This is Will Sautter, the acoustic mapping specialist for the Nancy Foster 2012 Seafloor Characterization mission of North East Puerto Rico. I am very excited to be back on board this year in the Caribbean with Chief Scientist, Tim Battista and the whole crew. This is my second year on this type of project. My primary goals are to assist in collecting the multibeam SONAR (SOund Navigation And Ranging) data and to process that data and create maps that highlight the different features on the seafloor, which will ultimately be made into maps that we will provide for researchers, fisheries managers, and the general public. It is a rewarding experience being able to collect the data on the ship’s SONARs and process it all the way in a few hours to an actual map, whereas back at the office, I get data from other oceanographers and NOAA ships that were collected years ago with missing information or outdated technology. With collecting SONAR data, what you see is what you get, well actually what you hear is what you get. You’ll see what I mean.
Like most remote-sensing technology, SONAR was pioneered by the US Navy during World War II. During the Battle of the Atlantic, the Navy relied on SONARs, albeit primitive ones compared to today’s technology, for protecting valuable supply ships from enemy submarines and sea mines. SONAR is used to map the seafloor by broadcasting sound from a sensor on the ship and then listening back for the echo to return off of the bottom. The frequency of the SONAR determines how deep it can penetrate into the ocean (higher frequency shorter distances and longer frequency further). This beats the old way in which a line with a chunk of lead at the end is dropped to the seafloor and measuring how much line went out. This lead line technique was used by mariners and to make nautical charts for hundreds of years. SONARs can accurately estimate how deep the water is by measuring how long and fast the sound took to hit the bottom and return to the sensor. This is the same basic principle that whales and bats use called echo location. But instead of using clicks or chirping noises, our sensors create pings at different frequencies that can very accurately detect the bottom up to 1000 meters and at high resolutions.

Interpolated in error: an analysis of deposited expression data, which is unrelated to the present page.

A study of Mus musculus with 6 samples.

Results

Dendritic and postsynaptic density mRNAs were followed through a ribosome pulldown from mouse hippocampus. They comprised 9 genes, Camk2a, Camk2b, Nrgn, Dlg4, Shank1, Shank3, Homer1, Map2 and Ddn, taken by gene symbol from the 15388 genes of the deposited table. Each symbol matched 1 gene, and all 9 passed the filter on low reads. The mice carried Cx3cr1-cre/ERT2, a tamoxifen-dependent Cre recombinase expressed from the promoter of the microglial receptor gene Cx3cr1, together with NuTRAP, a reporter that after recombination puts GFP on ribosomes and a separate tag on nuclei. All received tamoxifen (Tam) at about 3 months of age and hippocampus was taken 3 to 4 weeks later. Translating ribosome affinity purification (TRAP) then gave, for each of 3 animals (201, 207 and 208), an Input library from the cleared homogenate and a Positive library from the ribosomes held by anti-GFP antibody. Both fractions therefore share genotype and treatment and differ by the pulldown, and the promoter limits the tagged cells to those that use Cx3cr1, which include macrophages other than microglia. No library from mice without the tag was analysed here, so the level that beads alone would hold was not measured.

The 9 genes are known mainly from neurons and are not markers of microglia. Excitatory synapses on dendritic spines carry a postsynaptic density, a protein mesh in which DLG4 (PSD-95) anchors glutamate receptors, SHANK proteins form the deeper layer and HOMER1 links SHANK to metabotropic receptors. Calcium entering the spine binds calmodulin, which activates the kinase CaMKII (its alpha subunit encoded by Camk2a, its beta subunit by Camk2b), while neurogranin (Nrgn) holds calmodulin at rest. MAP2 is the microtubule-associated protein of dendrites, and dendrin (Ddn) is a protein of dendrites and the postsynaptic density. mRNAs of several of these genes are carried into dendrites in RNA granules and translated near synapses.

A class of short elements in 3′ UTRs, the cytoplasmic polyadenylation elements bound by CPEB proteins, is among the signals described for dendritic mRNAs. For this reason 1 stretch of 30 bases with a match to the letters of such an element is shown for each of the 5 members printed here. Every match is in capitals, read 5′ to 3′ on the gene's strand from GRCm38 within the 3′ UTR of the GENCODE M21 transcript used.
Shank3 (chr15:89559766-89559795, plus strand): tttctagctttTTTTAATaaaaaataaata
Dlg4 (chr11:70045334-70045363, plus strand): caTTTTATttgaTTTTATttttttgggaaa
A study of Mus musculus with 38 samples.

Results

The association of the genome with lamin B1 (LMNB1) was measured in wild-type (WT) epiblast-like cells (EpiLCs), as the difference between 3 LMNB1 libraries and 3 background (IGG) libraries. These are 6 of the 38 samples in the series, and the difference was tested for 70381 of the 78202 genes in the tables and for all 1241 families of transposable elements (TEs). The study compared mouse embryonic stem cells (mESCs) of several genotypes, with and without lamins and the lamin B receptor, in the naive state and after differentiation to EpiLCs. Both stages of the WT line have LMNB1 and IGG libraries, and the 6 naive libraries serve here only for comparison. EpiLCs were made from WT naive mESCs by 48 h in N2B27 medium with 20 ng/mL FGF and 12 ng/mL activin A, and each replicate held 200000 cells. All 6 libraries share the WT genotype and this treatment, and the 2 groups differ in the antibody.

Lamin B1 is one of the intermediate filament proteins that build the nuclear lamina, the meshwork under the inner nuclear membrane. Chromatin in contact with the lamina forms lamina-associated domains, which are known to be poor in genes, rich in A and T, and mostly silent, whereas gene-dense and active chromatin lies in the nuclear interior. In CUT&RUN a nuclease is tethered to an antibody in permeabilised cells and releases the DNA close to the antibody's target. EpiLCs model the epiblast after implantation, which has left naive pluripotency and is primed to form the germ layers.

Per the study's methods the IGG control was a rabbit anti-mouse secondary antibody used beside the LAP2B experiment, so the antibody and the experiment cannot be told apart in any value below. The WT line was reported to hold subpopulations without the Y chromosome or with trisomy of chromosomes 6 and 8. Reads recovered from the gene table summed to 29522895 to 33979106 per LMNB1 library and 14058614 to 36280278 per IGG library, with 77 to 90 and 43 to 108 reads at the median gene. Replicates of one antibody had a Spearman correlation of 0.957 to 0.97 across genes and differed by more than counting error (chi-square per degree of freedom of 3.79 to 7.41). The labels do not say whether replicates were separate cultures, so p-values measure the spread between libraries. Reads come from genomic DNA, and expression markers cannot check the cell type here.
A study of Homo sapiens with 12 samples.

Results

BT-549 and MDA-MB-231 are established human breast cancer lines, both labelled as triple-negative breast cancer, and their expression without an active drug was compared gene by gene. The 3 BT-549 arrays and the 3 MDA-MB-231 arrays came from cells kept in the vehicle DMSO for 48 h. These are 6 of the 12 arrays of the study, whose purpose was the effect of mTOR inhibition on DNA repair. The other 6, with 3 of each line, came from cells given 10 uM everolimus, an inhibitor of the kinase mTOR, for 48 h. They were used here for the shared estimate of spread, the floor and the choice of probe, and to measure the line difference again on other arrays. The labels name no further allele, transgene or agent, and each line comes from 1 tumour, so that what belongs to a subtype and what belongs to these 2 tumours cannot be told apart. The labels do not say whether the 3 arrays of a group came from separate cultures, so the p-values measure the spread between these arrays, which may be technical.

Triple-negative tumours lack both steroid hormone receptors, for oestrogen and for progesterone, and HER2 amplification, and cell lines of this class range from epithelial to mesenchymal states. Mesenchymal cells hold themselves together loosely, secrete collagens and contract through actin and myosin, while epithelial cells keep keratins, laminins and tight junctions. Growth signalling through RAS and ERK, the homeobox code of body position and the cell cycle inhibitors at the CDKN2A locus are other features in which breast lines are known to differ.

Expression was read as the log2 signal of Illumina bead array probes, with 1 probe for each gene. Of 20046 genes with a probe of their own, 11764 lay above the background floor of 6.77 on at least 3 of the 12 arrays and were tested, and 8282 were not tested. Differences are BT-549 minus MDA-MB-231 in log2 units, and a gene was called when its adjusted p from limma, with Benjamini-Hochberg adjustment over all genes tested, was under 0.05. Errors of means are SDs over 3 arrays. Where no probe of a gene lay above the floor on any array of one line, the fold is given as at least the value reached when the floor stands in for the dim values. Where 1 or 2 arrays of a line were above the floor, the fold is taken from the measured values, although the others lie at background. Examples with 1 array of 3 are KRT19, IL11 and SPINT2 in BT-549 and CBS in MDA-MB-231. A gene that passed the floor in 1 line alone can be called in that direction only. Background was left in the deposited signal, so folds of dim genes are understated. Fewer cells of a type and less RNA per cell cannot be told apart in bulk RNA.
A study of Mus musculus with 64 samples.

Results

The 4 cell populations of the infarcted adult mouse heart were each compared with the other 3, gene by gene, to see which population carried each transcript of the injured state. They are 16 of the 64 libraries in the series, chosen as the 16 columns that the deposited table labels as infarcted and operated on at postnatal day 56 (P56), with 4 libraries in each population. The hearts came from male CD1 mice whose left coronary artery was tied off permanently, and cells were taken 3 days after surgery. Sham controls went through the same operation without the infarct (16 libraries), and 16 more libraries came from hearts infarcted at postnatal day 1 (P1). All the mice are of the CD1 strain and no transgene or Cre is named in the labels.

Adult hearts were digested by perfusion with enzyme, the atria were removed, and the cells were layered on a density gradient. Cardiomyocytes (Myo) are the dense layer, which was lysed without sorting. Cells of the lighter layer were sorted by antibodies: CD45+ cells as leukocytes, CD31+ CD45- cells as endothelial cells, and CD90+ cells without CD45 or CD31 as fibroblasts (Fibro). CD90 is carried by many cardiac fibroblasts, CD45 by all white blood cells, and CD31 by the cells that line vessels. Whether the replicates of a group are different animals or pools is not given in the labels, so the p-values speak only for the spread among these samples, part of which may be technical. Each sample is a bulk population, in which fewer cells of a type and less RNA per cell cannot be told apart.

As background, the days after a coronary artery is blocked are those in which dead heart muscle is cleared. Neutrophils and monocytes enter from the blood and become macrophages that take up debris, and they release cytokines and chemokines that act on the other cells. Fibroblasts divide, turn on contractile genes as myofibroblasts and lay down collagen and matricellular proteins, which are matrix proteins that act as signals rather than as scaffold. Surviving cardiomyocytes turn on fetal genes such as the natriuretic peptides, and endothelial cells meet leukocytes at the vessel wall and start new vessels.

The biggest problem with sonar data is that the ocean is very noisy. Not that we hear fish chatting with each other, although it is possible to detect whale songs, but sound spreads in every direction hitting bubbles, different water densities, and the marine life as well. The noise has to be filtered using CARIS sea floor mapping software to produce a smooth sonar image. The random noise can create a false reading or an alias, which I have to tried to edit out by using noise filters, complex algorithms, and by manually going through all of the swaths and deleting the stray pings.
The final result is a smooth image of the bottom that can show depth changes, the steepness of the slopes, and a habitat model used to understand the dynamics of the marine environment. I will write more about all of the different kinds of SONARs that we are using for this mission and the different kinds of maps that we can create of the seafloor.
To see the the Nancy Foster throughout the 2012 mapping mission, visit the NOAA ship tracker site and click on “Enter NOAA’s Ship Tracker link, then scroll down to “NF – Nancy Foster” in the box on the upper right of the screen to see where she is at any given time!
Be sure to visit this blog often for field updates, pictures and videos posted by members of the science team.